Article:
There are millions of microorganisms in the food that we regularly ingest. These are the friendly bacteria called probiotics that live happily in our intestines and are also present in probiotic foods. They are considered to be very healthy and aid in the process of digestion.
Good bacteria or probiotics are generally present in food like yogurt, dietary supplements, and products that aren’t used orally, such as skin creams.
But are these so called good bacteria really good?
It is believed in general consensus that probiotics are useful in maintaining a health gut. However, there are also research findings that state otherwise. According to these studies, microorganisms can evolve in the gut and turn things sour.
The fact that what we consider good bacteria in probiotic food can evolve in the body and have the potential to become harmful, calls for caution in the emerging field of treatment.
Researchers from the University of Washington, Missouri, have shown how one strain of bacteria sold in Europe in an anti-diarrhoea probiotic can begin to attack the protective coating of the intestine.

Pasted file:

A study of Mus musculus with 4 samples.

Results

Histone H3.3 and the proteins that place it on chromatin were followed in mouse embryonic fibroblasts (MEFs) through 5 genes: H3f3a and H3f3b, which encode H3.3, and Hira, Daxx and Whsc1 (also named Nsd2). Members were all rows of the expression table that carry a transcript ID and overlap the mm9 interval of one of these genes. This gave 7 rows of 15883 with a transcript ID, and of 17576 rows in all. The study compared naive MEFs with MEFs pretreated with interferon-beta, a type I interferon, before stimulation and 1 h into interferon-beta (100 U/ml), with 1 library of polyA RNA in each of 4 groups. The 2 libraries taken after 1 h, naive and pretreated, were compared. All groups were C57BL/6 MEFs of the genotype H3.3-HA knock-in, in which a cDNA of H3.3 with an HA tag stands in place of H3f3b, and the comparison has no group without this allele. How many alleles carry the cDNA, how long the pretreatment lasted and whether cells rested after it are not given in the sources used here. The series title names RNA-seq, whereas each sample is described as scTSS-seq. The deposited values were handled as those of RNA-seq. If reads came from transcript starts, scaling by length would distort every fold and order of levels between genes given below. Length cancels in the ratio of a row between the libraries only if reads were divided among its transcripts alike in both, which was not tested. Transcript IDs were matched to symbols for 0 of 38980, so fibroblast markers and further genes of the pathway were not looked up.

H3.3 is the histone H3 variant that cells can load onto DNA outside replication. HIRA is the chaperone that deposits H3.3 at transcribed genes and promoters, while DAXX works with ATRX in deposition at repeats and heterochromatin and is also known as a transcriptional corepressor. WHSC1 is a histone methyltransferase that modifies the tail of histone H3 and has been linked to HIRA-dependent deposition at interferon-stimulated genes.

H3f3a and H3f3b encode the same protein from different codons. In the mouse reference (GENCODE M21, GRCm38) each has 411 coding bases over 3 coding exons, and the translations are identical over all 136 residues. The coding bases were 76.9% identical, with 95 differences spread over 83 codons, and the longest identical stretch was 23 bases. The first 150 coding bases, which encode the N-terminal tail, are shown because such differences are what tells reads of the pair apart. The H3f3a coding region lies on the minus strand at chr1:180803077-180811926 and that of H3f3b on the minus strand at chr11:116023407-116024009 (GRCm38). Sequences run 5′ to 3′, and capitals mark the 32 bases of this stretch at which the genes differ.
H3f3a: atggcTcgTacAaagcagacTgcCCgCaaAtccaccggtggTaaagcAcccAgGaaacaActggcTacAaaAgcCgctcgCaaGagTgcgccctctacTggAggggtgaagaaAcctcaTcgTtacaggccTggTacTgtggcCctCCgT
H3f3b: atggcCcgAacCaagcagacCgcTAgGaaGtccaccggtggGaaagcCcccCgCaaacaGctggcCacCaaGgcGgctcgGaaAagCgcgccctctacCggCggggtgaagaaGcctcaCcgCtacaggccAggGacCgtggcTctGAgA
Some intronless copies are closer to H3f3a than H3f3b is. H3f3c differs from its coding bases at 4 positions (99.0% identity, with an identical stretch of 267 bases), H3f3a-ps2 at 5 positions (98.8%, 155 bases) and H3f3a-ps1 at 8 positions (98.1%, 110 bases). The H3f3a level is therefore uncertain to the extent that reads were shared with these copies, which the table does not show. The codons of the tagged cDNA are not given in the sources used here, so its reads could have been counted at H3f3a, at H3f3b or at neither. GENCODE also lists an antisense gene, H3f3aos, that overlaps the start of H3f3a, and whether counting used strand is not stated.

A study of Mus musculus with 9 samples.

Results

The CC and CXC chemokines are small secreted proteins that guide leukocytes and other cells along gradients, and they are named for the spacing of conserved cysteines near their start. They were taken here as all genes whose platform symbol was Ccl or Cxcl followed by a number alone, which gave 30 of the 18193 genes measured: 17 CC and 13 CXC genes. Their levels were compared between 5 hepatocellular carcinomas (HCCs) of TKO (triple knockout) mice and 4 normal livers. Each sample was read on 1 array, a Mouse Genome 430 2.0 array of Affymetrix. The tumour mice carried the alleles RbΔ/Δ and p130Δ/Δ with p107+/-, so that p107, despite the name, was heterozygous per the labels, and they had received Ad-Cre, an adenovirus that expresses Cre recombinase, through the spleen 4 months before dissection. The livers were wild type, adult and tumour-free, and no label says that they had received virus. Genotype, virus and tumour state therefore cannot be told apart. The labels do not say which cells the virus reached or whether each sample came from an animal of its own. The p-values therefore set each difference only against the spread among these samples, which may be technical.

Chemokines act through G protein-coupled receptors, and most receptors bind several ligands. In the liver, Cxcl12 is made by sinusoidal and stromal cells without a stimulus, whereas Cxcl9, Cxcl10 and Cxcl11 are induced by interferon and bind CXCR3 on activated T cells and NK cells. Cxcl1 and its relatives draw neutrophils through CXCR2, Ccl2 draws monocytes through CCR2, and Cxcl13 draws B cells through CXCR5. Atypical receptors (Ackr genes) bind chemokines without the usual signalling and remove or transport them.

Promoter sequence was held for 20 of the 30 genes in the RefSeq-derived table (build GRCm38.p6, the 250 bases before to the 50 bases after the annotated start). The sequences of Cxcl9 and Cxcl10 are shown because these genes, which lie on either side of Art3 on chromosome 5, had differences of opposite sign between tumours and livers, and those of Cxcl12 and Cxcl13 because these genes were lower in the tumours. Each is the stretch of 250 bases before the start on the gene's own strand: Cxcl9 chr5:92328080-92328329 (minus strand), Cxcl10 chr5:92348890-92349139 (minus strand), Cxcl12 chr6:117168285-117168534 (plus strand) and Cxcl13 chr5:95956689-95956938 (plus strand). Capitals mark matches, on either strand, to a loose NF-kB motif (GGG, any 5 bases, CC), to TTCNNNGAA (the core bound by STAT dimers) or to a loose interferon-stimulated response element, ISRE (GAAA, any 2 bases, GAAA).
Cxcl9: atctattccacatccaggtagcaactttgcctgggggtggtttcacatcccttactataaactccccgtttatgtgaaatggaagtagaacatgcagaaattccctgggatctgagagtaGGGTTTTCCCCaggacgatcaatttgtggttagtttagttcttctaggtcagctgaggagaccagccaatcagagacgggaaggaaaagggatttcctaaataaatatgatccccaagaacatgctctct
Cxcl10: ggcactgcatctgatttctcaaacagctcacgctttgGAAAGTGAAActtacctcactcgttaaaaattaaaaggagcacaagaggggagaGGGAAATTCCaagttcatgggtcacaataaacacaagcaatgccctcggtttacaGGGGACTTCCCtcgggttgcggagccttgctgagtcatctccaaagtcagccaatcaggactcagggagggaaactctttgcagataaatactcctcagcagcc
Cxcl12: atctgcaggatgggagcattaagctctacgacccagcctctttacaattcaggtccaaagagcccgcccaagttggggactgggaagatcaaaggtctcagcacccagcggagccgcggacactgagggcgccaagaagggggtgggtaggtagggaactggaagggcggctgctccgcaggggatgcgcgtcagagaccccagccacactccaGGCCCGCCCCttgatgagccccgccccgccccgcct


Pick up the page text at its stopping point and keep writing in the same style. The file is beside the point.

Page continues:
A bacterial strain was seen in a petri dish containing agar jelly for bacterial culture in a microbiological laboratory in Berlin March 1, 2008. The strain called MRSA is a drug-resistant “superbug”, which can cause deadly infections. (REUTERS)
It can increase the risk of conditions like irritable bowel syndrome (IBS). Some probiotics have been linked to serious infections in some people.
The researchers conducted trials on mice where they showed that high fat and sugar diets, the use of antibiotics and the other bacteria in the gut all boosted this unpredictable probiotic evolution.
Using this, a new non-evolving probiotic was engineered which could help treat patients with an inborn error of metabolism that results in decreased metabolism of the amino acid phenylalanine called phenylketonuria , by breaking down chemicals in diet that they cannot digest naturally.
All of this goes to show that the same principles can be used to design safer probiotics, but equally that future treatments need larger widespread testing.